And this is all part of that terrible fluidity of existence that I keep talking about. Nothing is a given. Nothing just is. Everything is open to questioning. Everything is ripe for a change at any moment.
The problem is that this is intolerable to the human psyche that values stability above all. That’s why the best things in life just are. My kid is my kid. Nothing can change that. God is “ineffable, inconceivable, invisible, incomprehensible, ever-existing and eternally the same.” Eternally the same, got it? The best relationships are rooted in permanence. Predictability and routines heal. Upheaval and unpredictability wound. Moving house is considered a major trauma because it is. People aren’t furniture. Although even furniture will get damaged if you drag it around all the time.
4 thoughts on “Nothing Just Is”
“If you want a picture of the future, imagine moving house every day – forever.”
It sounds like a variation on Orwell’s “If you want a picture of the future, imagine a boot stamping on a human face – forever.” from Nineteen Eighty-Four.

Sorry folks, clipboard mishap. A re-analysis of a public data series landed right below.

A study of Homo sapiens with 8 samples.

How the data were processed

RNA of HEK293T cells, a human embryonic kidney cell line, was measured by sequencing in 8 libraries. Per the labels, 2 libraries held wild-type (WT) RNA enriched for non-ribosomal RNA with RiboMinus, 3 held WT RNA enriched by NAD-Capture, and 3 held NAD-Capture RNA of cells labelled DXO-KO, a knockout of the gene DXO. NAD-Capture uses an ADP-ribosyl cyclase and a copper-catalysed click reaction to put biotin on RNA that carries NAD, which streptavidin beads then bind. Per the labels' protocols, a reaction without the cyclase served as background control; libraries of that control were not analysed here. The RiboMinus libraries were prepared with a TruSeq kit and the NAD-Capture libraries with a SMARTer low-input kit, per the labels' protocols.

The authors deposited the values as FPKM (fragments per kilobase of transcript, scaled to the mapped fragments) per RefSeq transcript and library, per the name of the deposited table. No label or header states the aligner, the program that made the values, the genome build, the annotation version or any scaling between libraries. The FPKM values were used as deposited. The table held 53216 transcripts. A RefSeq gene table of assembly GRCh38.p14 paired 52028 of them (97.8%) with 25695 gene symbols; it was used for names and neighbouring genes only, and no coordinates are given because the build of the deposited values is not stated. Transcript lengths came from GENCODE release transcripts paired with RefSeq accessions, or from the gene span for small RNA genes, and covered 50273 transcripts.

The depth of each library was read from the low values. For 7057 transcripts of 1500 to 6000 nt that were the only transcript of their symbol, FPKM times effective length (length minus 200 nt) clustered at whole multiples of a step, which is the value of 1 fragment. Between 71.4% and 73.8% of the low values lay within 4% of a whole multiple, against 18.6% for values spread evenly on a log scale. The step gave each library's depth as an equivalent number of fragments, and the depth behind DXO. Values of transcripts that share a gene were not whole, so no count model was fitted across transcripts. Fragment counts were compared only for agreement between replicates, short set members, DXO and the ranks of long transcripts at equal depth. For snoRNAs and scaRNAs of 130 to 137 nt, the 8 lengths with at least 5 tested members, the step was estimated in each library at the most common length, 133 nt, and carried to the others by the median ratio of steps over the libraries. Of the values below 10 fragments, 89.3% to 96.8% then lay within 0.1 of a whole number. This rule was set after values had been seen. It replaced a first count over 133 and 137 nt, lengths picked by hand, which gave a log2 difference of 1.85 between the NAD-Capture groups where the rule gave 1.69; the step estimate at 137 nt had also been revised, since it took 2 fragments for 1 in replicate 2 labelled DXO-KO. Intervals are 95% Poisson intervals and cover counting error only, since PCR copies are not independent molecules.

May I also refer you to a wonderful essay by Simone Weil, The Need for Roots, (L’enracinement in the original French).
I think you’re describing existence in general, and you can’t fix that. Change is part of human life. You already mentioned permanent things – like God and your kid.
Another eternal thing many people, including me, take solace in is nature. I love gardening, watching things grow and change over the years. I wish I could live for hundreds of years to see trees’ lifecycles. The sun will always rise tomorrow, and spring will follow winter. The animals will have their young I will watch play outside.
Another thing to anchor you are pets. They grow old and die, but at least they can be constantly be by your side while they’re alive.
We’re living in the time of most advanced technology known to our species on this planet, with an accelerating rate of technological change. The main problem is how to manage that in combination with capitalism. Your answer is the nation state. But even inside the nation state, corporations’ main goal is to make money, which involves innovation, automation, and being as efficient as possible, and is pretty much in direct conflict with things beneficial for the human psyche.
I can only imaging this being different in a theocracy or a totalitarian state. Or a utopian state with access to a natural resource not found anywhere on the planet that humans require for modern life and can’t replace, where all of its citizens sharing in the wealth, instead of only the powerful elite.